How Places Change

Factors of Change


How Places Change, figure 1

  • Places are changed by the people who chose to live there as they reshape and reconfigure the places to meet their needs and priorities.


  • The function of an area is its reason, job or purpose for being e.g. industrial, administrative, commercial, retail.
  • This can change due to the people that live there and the different influences on their lives.
  • Rural areas- food production for those living in rural and urban areas.

Mid 1800s- mechanisation reduced the need for manual labour in fields- led to worker moving to __INDUSTRIAL __towns and cities- cheap labour for producing steel, iron, textiles etc.

  • Emerging middle class __needed ways to organise day-to-day life- create __ADMINISTRATIVE functions e.g. courts, banks and even headquarters of COMMERCIAL (restaurants, hotels, businesses) enterprises.

•Some of these functions are now displaced due to globalisation (importing etc) and towns and cities compete to become RETAIL centres with shopping and leisure activities to create the ultimate retail experience.

Explain what gentrification is, using an example.
Your answer should include: London Riverside / affluent / pricing out.



  • Ethnic composition: ethnic characteristics of an area.
  • Age structure: number of individuals in each age group.

Migrants arriving after the Second World War clustered together in major cities-

e.g. Jamaican migrants in Brixton, London and Pakistani communities in Bradford and Birmingham.

__Racism and prejudice in the UK- __ethnic minority community areas saw decreasing property prices and decline- made worse by poor housing, out-migration and deindustrialisation.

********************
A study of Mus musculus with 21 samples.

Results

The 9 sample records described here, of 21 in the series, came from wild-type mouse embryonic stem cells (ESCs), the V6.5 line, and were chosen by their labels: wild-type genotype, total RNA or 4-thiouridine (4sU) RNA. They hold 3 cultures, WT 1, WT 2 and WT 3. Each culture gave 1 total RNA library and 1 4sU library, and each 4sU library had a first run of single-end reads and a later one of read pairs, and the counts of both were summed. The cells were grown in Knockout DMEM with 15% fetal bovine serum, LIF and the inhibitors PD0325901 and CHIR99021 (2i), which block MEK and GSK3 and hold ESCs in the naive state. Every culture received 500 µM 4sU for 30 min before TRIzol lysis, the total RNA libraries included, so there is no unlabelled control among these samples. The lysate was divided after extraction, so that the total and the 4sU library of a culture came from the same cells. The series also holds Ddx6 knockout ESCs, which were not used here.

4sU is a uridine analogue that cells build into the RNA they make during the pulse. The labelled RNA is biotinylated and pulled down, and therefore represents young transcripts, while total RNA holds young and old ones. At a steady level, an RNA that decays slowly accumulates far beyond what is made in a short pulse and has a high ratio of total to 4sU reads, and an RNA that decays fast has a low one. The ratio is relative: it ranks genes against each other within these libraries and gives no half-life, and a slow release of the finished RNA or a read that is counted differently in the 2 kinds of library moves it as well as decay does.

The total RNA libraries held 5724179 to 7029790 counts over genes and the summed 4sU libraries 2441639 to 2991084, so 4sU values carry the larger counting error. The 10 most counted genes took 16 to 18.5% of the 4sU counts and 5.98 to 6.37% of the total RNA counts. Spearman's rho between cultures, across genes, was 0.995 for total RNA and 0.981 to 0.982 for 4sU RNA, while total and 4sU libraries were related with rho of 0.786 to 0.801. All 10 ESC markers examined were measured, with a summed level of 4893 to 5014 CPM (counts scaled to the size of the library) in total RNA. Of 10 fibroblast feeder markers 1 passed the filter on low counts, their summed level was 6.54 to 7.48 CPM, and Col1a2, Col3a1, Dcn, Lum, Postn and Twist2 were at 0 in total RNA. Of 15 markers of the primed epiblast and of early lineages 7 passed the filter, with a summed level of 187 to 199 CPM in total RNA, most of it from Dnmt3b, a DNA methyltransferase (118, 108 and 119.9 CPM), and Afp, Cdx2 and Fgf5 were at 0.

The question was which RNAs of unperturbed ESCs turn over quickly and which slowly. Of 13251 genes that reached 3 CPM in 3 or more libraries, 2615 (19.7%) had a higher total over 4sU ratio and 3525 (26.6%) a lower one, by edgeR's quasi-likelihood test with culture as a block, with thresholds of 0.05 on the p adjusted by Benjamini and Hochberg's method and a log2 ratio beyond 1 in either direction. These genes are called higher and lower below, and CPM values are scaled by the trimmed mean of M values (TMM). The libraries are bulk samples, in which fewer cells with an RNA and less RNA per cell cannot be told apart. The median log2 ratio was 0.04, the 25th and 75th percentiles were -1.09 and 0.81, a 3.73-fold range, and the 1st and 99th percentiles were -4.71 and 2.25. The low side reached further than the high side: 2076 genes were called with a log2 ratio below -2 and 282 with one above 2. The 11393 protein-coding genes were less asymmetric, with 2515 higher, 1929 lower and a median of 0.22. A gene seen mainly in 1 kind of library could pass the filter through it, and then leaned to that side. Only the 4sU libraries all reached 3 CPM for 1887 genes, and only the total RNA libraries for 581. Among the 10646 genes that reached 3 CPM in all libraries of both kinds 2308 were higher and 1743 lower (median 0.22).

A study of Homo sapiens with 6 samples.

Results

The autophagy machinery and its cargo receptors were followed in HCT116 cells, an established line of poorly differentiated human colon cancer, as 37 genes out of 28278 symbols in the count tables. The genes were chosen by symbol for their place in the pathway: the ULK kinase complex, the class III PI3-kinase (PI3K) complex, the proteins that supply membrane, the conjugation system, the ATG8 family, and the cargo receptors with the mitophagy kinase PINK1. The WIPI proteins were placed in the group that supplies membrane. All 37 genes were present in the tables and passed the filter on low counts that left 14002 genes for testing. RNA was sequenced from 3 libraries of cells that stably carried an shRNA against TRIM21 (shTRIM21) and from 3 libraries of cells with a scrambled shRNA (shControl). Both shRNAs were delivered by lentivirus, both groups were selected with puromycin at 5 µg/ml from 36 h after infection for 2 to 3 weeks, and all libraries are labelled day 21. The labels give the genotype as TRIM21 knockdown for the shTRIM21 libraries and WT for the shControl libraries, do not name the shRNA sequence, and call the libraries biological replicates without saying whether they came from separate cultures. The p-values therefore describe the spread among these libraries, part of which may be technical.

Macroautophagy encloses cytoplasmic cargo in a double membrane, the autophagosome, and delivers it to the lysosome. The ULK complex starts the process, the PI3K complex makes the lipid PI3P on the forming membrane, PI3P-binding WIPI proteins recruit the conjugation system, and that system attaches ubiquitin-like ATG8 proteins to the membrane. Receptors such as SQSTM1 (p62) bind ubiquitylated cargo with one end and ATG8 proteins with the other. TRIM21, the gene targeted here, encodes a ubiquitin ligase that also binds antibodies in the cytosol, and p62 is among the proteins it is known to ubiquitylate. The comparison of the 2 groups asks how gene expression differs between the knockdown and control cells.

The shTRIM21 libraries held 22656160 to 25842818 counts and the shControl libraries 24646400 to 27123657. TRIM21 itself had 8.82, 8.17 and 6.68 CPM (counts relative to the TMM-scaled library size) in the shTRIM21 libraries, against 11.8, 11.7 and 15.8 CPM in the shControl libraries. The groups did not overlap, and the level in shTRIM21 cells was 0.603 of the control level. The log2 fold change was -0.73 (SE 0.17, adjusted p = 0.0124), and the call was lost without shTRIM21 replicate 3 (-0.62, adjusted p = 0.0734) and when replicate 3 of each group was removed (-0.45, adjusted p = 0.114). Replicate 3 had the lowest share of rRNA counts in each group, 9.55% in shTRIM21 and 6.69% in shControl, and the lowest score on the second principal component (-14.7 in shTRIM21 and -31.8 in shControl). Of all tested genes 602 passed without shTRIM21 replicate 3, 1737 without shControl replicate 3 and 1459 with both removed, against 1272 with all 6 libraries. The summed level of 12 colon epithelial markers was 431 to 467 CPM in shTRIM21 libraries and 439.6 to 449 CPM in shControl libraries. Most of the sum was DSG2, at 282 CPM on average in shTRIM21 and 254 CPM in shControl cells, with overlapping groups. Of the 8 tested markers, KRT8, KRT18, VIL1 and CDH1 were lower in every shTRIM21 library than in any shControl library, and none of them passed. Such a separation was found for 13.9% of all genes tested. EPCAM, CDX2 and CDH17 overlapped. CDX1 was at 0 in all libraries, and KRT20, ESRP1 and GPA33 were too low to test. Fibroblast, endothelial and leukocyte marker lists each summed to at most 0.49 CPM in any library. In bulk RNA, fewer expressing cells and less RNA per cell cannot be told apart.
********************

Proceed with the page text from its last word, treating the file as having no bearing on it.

Some areas still suffering from deprivation today e.g. Middlesbrough.

Others areas have become Bohemian hotspots attracting young graduates.

  • This reshapes and rebrands the area, if it also brings wealth, this process may be called gentrification.



  • is the process of renovating a derelict area by an influx of new and more affluent residents.
  • This can be extremely successful if paired with sports clubs, tourism and universities.

However, who is benefiting from this? Is it always an equal process.

__London Riverside example: __

  • Brownfield sites (vacated industrial and commercial sites and derelict docks) along the river being transformed and redeveloped.
  • Previously unreachable and unlivable areas of the city being transformed into new urban living spaces for both leisure and residence.

How Places Change, figure 1

Measuring Change

Statistics used to measure change:

•Employment structure

•Demographic characteristics

•Economic development

As well as;

Consequences for local residents and business owners, land use and management and how culture is managed.

Describe the demographic changes that make changes occur over time.
Your answer should include: Ethnic composition / migration / age.